Golden Ocean CEO Says Shipping Market Is Worst in Modern History

  • Capesize rates don't even cover cost of paying ships' crews
  • Company predicts wave of bankruptcies across the industry

Shippers ferrying coal, iron ore and grains across the globe have never had it this bad and should expect little respite for another two years, according to Golden Ocean Group Ltd., a company part owned by Norway-born billionaire John Fredriksen.

An enormous oversupply of vessels isn’t sustainable and the dry-bulk industry will soon be contending with “a lot of bankruptcies,” Herman Billung, chief executive officer of Golden Ocean, said at a conference in Oslo on Thursday. Fredriksen, whose personal fortune is about $10.5 billion, is the company’s biggest investor, according to data compiled by Bloomberg.

“In dry bulk, we haven’t seen as bad a market since the Viking age,” Billung said in an interview after speaking. “Has it ever been this bad in modern history? I would say no.”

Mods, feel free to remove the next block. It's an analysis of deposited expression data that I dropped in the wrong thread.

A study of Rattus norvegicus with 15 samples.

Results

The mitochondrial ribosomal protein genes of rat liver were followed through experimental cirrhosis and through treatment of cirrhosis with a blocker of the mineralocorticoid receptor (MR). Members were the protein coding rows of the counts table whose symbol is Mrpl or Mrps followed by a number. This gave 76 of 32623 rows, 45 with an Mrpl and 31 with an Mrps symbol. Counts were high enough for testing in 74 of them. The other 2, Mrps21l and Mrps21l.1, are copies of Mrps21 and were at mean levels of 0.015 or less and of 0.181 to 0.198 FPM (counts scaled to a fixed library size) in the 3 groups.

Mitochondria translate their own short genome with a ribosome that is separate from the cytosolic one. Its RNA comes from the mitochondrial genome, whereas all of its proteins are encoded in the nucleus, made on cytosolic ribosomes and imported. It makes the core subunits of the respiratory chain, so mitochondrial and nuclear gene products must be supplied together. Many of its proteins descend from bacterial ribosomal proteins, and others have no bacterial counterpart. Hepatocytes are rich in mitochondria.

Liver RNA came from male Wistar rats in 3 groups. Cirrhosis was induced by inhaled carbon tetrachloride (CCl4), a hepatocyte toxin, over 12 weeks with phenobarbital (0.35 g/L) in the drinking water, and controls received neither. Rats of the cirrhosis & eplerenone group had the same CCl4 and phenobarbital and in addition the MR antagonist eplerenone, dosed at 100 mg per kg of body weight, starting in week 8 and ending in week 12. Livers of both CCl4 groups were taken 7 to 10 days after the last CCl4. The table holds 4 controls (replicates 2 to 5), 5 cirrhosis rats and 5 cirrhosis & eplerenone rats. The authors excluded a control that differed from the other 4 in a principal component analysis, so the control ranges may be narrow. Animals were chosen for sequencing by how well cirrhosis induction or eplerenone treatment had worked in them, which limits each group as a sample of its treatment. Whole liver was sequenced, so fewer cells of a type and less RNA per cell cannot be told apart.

Dry bulk shipping has been hit by a chronic oversupply as well as faltering demand from China, where the economy is growing more slowly and shifting away from commodity-intensive heavy industries. A shipbuilding boom saw fleet growth double in the seven years through December on the belief China’s economy would continue growing at a record pace. With more ships available than the market requires, the average daily rent to a 1,000-foot long Capesize bulk carrier has fallen below $1,000 for the first time ever.

Golden Ocean shares rose 0.2 percent to 5.03 kroner (58 cents), giving the company a market value of 2.62 billion kroner.